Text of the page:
Wednesday, December 20, 2006

Against Plausibility

One of the great privileges that I knew during the time that I was involved in student ministry with UCCF: the Christian Unions was being able to spend time with the General Secretary Bob Horn. Bob fell asleep in Jesus just over a year ago after a long struggle with cancer. He was an evangelical statesman, a baptist minister who edited firstly Evangelical Times and then Evangelicals Now.

Bob was humble, gracious, kind, generous, and resolute on gospel truth. One of the things that he learned as a theology student was that the alleged strengths of an opposing theological position could very well be its fundamental weakness. I found that tremendously insightful and helpful when evaluating arguments. Rather than be bowled over by a position it makes you pause, reflect and ask questions.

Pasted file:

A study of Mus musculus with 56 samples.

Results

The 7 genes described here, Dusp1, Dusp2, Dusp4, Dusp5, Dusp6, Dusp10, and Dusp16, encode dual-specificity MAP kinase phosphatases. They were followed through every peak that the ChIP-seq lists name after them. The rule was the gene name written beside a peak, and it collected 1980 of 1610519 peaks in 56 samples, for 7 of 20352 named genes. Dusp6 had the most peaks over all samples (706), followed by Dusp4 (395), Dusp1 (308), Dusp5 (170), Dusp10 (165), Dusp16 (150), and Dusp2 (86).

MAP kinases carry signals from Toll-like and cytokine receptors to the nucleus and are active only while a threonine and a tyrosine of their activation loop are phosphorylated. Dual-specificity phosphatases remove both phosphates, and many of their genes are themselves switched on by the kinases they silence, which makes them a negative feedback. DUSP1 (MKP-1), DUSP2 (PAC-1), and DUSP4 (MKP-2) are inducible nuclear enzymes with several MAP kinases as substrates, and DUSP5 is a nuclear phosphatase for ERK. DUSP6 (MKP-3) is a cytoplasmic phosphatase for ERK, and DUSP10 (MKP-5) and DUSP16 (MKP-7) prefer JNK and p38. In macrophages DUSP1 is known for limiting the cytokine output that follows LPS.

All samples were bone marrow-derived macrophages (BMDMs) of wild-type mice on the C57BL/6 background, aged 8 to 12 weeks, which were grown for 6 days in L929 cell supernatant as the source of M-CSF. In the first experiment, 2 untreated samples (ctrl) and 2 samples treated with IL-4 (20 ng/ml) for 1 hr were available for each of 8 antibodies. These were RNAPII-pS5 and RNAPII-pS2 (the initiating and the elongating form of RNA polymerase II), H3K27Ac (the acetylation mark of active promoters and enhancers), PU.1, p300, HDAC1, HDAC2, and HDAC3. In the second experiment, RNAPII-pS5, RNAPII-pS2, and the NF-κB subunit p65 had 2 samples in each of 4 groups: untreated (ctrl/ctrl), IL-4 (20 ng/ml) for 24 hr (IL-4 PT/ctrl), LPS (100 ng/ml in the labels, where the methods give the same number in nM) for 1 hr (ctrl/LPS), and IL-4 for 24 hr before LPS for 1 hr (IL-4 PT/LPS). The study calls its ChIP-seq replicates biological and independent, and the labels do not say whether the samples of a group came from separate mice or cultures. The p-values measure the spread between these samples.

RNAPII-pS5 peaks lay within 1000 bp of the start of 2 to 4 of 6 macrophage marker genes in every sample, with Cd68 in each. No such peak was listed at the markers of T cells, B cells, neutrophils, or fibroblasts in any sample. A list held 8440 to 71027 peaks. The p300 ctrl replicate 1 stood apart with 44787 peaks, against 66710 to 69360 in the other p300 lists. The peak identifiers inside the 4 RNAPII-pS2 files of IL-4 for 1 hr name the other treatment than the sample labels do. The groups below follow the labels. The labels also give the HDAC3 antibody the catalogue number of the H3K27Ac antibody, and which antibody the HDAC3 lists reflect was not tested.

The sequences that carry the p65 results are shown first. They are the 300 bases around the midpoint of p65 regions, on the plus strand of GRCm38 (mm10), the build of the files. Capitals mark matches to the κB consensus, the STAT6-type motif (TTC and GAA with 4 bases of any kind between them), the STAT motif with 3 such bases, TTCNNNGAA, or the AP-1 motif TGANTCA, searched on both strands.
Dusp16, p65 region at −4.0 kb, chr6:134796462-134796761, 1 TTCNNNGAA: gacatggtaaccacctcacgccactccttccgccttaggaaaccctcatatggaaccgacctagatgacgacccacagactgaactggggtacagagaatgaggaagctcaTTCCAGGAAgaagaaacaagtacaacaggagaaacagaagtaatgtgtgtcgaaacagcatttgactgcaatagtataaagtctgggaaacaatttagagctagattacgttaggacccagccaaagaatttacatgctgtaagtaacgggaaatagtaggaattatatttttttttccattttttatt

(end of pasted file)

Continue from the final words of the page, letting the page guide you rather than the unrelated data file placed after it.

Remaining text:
I think that this resonates with Packer's assessment of the Keswick view of holiness. What promised to be the means of victory over sin and the key to holiness in the Christian life was found to be wanting in exegetical rigour, deficient in realism, and pastorally destructive. The promised victory never came to those who imbibed this teaching.

It also holds good for the positive spin that is put on open theism. Here we no longer have the aloof God, the distant sovereign despot. Instead we have a much more compassionate, close, involved God. But all these alleged pastoral benefits that come with an open theistic view are defective and destructive. They are presented as strengths, in reality they are the gravest weakness of the whole system.

This is another tool for evaluating arguments. It can be used alongside the discarding of rhetoric, which is sometimes no more than the shiny wrapping paper, that also disguises bad arguments and makes them more plausible than they really are.